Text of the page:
In a major victory for free speech enthusiasts on the Internet, Diebold Inc. has agreed not to sue voting rights advocates who publish leaked documents about the alleged security breaches of electronic voting.


Diebold also promised not to file lawsuits against two Swarthmore College students and a San Francisco-based Internet service provider for copyright infringement, according to a motion that company attorneys filed Nov. 24 in San Jose’s federal court.

Diebold did not disclose specifics on why it had dropped its legal case, but the decision is a major reversal of the company’s previous strategy. North Canton, Ohio-based Diebold, which controls more than 50,000 touch-screen voting machines nationwide, had threatened legal action against dozens of individuals who refused to remove links to its stolen data.

“This is a huge victory that shows we have weapons on our side to protect free speech from overbearing copyright laws so that the Internet remains a forum for public discussion,” said EFF staff attorney Wendy Seltzer. “We’re trying to hammer home that you can’t go around making idle threats that aren’t backed up by the law.”

Diebold spokesman David Bear emphasized Monday that while the company had dropped its case, it will continue to monitor the online proliferation of the leaked documents, and may file lawsuits against others who publish the data.

“We certainly reserve our right to protect our proprietary information in future cases,” Bear said.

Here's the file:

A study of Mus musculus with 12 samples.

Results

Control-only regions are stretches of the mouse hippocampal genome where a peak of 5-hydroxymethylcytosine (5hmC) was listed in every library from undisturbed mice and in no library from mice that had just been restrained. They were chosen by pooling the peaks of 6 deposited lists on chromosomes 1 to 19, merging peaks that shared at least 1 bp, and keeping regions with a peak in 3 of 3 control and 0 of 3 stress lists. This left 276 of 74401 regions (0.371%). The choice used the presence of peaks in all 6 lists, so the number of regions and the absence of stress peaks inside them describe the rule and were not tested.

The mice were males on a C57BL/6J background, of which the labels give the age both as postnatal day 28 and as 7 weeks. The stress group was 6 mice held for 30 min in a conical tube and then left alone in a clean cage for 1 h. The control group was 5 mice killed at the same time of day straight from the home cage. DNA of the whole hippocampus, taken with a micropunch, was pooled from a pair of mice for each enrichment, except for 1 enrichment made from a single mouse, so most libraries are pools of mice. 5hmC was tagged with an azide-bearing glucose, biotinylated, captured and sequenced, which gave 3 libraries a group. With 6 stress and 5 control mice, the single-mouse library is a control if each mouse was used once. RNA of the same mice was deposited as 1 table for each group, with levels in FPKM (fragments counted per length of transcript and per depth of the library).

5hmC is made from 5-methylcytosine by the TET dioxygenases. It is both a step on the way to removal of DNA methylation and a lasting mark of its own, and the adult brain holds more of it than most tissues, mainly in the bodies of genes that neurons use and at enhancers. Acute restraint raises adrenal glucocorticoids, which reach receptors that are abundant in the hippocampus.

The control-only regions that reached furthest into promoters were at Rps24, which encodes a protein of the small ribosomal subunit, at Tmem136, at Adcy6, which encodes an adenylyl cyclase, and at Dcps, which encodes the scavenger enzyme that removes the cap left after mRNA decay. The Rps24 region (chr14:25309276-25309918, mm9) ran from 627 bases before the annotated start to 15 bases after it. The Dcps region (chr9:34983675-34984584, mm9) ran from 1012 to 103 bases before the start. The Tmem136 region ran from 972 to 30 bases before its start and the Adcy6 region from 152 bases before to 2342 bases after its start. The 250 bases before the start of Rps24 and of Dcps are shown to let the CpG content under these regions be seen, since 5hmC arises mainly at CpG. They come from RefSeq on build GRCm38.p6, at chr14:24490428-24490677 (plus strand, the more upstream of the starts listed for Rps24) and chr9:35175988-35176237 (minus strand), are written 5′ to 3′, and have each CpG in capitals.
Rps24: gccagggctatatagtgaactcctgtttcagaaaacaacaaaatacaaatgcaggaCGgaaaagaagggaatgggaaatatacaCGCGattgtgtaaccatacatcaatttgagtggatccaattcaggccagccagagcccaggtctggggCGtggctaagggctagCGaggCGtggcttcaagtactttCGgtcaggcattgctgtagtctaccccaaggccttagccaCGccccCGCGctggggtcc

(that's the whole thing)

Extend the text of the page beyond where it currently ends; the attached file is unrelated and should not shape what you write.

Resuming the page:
Diebold’s battle began in March, when a hacker broke into the company’s servers using an employee’s ID number, and copied a 1.8-gigabyte file of company announcements, software bulletins and internal e-mails dating to January 1999.

The vast majority of the file included banal employee e-mails, software manuals and old voter record files. But several items raise security concerns about electronic voting that voting rights advocates have been trying to publicize for more than a year.

In one series of e-mails, a senior engineer dismissed concern from a lower-level programmer who questioned why Diebold lacked certification for the operating system in touch-screen voting machines. The Federal Election Commission requires such software to be certified by independent researchers.

In another e-mail, an executive scolded programmers for leaving software files on an Internet site without password protection.

In August, the hacker e-mailed data to voting activists, who published the information on their Web logs. Wired News published an online story. The documents have been widely circulated.

Seltzer said free speech advocates should hail Diebold’s promise not to sue, but she warned that numerous individuals have already removed the offending material from Web sites.

EFF plans to continue with its case against Diebold, arguing under the Digital Millennium Copyright Act that Diebold must pay damages for intimidating Internet service providers. The hearing is scheduled for Feb. 9.

“The implicit threat was, ’If you don’t take this material down, we might sue,”’ Seltzer said. “Without them ever needing to file a federal complaint, they got these documents taken down from a huge number of sites. It was a chill on free speech that stopped discussion of electronic voting issues without ever getting before a judge.”